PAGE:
What do Sammy Reshevsky, Wolfgang Amadeus Mozart, and Srinivasa Ramanujan have in common? Reshevsky, at eight was taking on twenty strong adult players, simultaneously, at chess. Mozart composed his first piece of music at five. And Ramanujan had mastered complex mathematical concepts when only ten.

According to Professor David Henry Feldman of Tufts University, Boston, “A prodigy is a child who, before the age of 10, performs at the level of an adult professional in some cognitively demanding field.” So, a prodigy is not someone who out performs his or her peers, but someone who performs as well as an adult would after many years of learning. Secondly, eligibility to the prodigy status requires that this level of expertise and performance is manifested before a certain age.

It would be most tempting to not go any further and say: It has to be in the genes.

As we mentioned in our post on ‘Nurturing Nature’, that is exactly what Francis Galton (1822-1911) – a half cousin of Darwin and a prodigy by many accounts – tried (and failed, scientifically) to demonstrate. Now consider the claim made by author and sociologist, Malcolm Gladwell (of the Tipping Point fame), in his second book, Outliers, that you must spend 10,000 hours honing your skills if you want to be a success at anything. In other words, at least three hours a day of practice and hard work for ten years. Well, a child prodigy would just not have had the time. It must be in the genes!

The experience of Boris Becker and Andre Agassi shows us that it is possible to start tennis with a child of six or seven – when he can barely start to hold a racket – and get him to take a game off adult, proficient players by 10 or 11! Agassi’s father worked him like a horse year in and year out. As a result, Agassi ‘hated’ tennis. He says so, again and again, in his autobiography, Open. Also, the expertise requirement is that of proficiency one would expect from an adult, not excellence. While the three prodigies mentioned in the introduction excelled as adults – they were, in fact, completely off the charts – all prodigies don't necessarily go that way. Agassi rebelled again and again – but by wearing pink shorts and earrings, not by giving up tennis!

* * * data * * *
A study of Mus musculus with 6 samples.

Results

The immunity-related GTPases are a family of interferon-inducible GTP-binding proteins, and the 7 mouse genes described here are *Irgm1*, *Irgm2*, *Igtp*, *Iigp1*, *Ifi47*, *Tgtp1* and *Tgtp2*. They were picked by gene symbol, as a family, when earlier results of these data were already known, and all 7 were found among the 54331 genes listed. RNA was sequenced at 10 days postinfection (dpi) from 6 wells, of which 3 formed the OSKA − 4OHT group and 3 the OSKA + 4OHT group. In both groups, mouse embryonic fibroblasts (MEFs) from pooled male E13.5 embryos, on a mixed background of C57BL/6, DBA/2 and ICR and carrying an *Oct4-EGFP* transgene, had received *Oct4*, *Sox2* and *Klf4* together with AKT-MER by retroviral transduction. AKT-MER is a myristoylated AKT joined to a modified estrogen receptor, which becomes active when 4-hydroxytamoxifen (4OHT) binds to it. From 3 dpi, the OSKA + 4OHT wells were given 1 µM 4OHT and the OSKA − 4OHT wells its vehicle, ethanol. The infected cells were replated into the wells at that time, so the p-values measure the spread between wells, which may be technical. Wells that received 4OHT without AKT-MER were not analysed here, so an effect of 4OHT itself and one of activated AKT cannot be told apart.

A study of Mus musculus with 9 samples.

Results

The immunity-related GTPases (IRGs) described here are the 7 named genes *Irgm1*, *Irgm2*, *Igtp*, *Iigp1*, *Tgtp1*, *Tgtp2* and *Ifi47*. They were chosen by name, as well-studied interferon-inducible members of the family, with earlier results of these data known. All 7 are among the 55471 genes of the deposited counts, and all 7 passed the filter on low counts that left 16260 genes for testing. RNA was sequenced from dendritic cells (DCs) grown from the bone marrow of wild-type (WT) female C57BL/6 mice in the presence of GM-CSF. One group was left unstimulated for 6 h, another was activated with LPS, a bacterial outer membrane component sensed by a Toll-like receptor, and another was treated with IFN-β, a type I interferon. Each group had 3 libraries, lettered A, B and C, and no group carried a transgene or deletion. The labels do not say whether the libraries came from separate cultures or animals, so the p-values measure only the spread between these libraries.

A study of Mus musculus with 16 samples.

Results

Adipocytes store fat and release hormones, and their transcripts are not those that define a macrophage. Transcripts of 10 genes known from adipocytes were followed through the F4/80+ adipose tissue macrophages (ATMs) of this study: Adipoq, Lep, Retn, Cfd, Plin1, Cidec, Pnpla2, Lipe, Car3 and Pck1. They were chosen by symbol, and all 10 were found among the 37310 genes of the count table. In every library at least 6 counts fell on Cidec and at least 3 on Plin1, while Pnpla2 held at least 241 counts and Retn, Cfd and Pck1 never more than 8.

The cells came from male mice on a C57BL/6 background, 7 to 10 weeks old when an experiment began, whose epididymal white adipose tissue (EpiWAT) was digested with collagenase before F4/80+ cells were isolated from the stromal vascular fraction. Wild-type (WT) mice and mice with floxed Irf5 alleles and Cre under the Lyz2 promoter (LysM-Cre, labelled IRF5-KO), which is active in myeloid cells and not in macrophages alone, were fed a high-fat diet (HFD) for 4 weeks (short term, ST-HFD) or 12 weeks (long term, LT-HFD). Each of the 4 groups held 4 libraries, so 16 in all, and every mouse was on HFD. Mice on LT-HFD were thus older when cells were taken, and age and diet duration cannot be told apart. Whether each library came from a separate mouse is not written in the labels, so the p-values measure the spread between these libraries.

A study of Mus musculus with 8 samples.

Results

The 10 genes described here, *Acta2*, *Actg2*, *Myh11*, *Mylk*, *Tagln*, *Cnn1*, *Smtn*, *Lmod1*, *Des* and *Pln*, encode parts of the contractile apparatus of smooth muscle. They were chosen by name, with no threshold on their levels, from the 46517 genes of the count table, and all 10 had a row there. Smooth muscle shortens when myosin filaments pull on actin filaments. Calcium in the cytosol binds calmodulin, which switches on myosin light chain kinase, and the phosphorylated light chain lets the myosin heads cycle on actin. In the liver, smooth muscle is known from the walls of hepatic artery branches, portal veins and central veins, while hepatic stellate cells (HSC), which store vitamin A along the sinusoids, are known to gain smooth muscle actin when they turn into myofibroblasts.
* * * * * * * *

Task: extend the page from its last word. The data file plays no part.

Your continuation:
The conventional wisdom today is that genes can be thought of as the priming agents that predispose us – make us, focused, receptive and passionate - to acquire information in a certain domain while ignoring other aspects of our world. When this innate seeking, if you will, is combined with intense engagement and, hence, the accumulation of experiences, it leads to prodigious levels in performance.

Based on detailed interviews with the children and their family members, Feldman and his colleagues concluded that the prodigy phenomenon is the result of a lucky “coincidence” of many factors: the existence of an environment that is conducive to the prodigy’s proclivities and interests, healthy social/emotional development, family aspects (birth order and gender), education and cultural support, access to training resources, material support from family members, at least one parent completely committed to the prodigy’s development, family traditions that favor the prodigy’s development, and historical forces, events, and trends.

A case in point – for a combination of supportive factors – would be that of Maxim Vengerov, one of the great violinists the world has seen. He was born to a family with a strong musical tradition: his mother sang and conducted a 500-voice orchestra and his father played first oboe in the local philharmonic. He says of his mother: '(She) would get home at 8 pm, cook dinner and then teach me the violin until four in the morning. As a four-year-old boy it was torture. But I became a violinist within two years.’ After being given a miniature fiddle at the age of four, he displayed outstanding aptitude and began studying with leading violinists of the time. His talent was matched by an immense work ethic. He practiced for several hours a day, giving his first recital at the age of five, performing to audiences abroad at age 10, and winning his first international prize at 15.